Details Of Trump’s Out Of Control Childhood Behavior Revealed By Sources


The New York Times Pulitzer Prize winner Maggie Haberman opened the door into the dark reaches of Donald Trump’s childhood through recent history. In her new book, the journalist wrote about the neighborhood “terror.” And that was just the beginning.

The White House correspondent for The New York Times and a political analyst for CNN appeared in a new GBH Boston Public Radio interview where she said:

‘He did not have a great reputation in the neighborhood as a kid.’

Haberman tells of one instance when a mother heard her child screaming. The baby was in a backyard playpen at the time they lived next door to the Trumps. She rushed out only to discover the future president of the United States throwing rocks at the baby:

‘She starts hearing the baby screaming, and she comes outside and a roughly five year-old Donald Trump is throwing rocks at the crib.  guess you can allow that, maybe, initially he didn’t realize that there was a baby there, I don’t know.’

The author’s book Confidence Man: The Making of Donald Trump and the Breaking of America was released on October 4 and jumped to the “top of the New York Times” nonfiction bestseller. It included one-on-one interviews with the former president, some specific to Haberman’s book.

The author was not put off her writing task even when Trump called her “not legit” and “a third-rate reporter:”

‘He frankly can’t quit the mainstream media, as much time as he spends complaining about all of us. [Trump is] uniquely focused on the [New York] Times.

‘He interacts with media and processes media unlike anyone else I have ever covered, probably unlike anyone else any of us have ever covered. He so badly wants attention, and so badly wants news coverage, and it’s just a narcotic. It’s the attention he craves on some cellular level.’

BGH’s hosts Jim Braude and Margery Eagan asked her about when she first saw that Trump was a serious contender for president. The journalist remembered the moment well. She was at a Trump rally in Dubuque, Iowa in 2016:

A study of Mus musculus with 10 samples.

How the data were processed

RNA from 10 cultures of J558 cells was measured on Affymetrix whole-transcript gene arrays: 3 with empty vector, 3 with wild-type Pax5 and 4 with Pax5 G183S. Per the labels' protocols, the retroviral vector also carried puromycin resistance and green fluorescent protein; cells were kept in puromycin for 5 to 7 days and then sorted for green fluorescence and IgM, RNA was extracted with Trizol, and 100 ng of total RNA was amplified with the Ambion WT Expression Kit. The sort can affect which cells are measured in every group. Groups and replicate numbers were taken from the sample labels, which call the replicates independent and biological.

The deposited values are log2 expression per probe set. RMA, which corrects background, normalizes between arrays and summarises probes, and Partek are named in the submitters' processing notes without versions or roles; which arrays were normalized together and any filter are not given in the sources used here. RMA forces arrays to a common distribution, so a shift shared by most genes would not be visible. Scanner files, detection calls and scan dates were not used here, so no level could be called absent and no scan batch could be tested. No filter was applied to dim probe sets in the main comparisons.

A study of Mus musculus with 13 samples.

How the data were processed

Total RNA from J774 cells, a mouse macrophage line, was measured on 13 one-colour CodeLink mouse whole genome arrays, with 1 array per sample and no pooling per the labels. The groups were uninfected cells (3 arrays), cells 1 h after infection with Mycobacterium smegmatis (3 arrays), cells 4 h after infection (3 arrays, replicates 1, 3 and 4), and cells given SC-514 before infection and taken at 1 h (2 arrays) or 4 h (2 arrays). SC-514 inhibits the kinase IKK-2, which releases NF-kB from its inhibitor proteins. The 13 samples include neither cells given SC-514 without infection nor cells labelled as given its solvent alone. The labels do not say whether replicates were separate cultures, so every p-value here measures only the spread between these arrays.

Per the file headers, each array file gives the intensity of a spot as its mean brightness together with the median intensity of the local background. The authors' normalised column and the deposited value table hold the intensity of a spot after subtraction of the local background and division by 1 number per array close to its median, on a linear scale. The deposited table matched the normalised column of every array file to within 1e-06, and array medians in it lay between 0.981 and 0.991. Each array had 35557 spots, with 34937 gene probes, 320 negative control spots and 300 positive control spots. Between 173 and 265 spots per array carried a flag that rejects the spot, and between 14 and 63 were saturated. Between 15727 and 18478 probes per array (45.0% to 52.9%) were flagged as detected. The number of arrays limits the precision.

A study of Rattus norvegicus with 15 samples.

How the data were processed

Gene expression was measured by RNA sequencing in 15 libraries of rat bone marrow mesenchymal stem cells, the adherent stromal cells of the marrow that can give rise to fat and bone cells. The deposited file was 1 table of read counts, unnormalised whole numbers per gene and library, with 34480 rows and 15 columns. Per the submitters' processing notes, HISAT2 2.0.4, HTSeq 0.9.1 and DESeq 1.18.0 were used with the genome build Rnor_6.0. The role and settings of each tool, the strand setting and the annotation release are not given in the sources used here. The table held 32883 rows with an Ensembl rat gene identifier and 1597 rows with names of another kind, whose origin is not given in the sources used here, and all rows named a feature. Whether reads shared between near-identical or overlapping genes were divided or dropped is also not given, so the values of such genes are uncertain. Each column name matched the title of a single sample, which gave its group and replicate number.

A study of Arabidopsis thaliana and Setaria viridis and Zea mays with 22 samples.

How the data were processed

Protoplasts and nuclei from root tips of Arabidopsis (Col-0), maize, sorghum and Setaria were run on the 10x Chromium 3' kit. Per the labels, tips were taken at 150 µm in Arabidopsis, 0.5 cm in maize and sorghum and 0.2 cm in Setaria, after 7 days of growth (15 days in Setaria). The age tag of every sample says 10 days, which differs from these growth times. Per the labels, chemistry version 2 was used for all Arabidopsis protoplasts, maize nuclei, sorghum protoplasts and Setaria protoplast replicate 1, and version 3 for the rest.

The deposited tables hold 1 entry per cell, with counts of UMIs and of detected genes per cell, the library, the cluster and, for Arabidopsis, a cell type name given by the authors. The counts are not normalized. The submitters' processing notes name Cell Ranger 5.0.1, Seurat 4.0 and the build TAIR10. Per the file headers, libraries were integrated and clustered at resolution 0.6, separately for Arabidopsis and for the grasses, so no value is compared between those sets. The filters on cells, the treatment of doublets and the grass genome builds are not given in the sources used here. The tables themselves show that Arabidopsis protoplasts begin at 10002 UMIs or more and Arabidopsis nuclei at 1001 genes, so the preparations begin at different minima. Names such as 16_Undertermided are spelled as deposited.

‘I was going up to people asking a pretty leading question, which was basically “Are you here because the spectacle is going to end?’’And one after another, people told me they were going to caucus for him. One guy looked at me like I had eight heads. … When I asked him “Why are you gonna caucus for him?” I watched him run his business.’

Then Haberman continued, explaining:

‘He meant The Apprentice, she said. That was something of a lightning-bolt moment for me, of really the degree to which this divide [between how New Yorkers viewed Trump] versus elsewhere — it was so pronounced.’

As a child, other kids made fun of Trump. And as an adult, the previous president could never make the “A’ guest list in New York City. People still made fun of him. However, the TV show The Apprentice changed how others perceived him. Apparently, they did not understand that the “successful billionaire’s” boardroom was comprised of props.


None of that small fantasy was real. The author said that people’s opinions of him changed in that fake reality:

‘People who either tracked him in the 1980s when he made himself as a brand synonymous with wealth, or who watched ‘The Apprentice,’ they viewed him as this hyper success. That was obviously not true, but that really solidified the view of him outside.’


The faked Apprentice reality made Trump a household name and a force to be reconned with. But Haberman claimed that the former president was “confusing [and] lonely:”

‘[Trump] believes in dominance and intimidation, and yet he is: there is this side of him that is a people pleaser, and that is afraid of one-on-one interpersonal conflict. And that is lonely. It is just a fundamentally strange and often disorienting thing for people around him to experience.’

Haberman even wrote about the ex-president taking payment in gold bars in lieu of lease payments, according to CNN:

‘[A] leaseholder once sent Trump a box of dozens of gold bricks to cover the cash portion of the lease on the parking garage in the General Motors building in Manhattan, which Trump purchased in 1998.’

It is lonely at the top — or the bottom.

Featured image is a screenshot via YouTube.

Christie writes Gloria Christie Reports & Three White Lions Substack newsletters and a Three White Lions podcast available on Apple, Spotify, etc. She is a political journalist for the liberal online newspaper The Bipartisan Report. Written in her own unique style with a twist of humor. Christie’s Mueller Report Adventures In Bite-Sizes a real-life compelling spy mystery (in progress). Find her here on Facebook. Or at Three White Lions her book on Amazon Kindle Vella and the Gloria Christie Three White Lions podcast on Apple, Spotify, etc.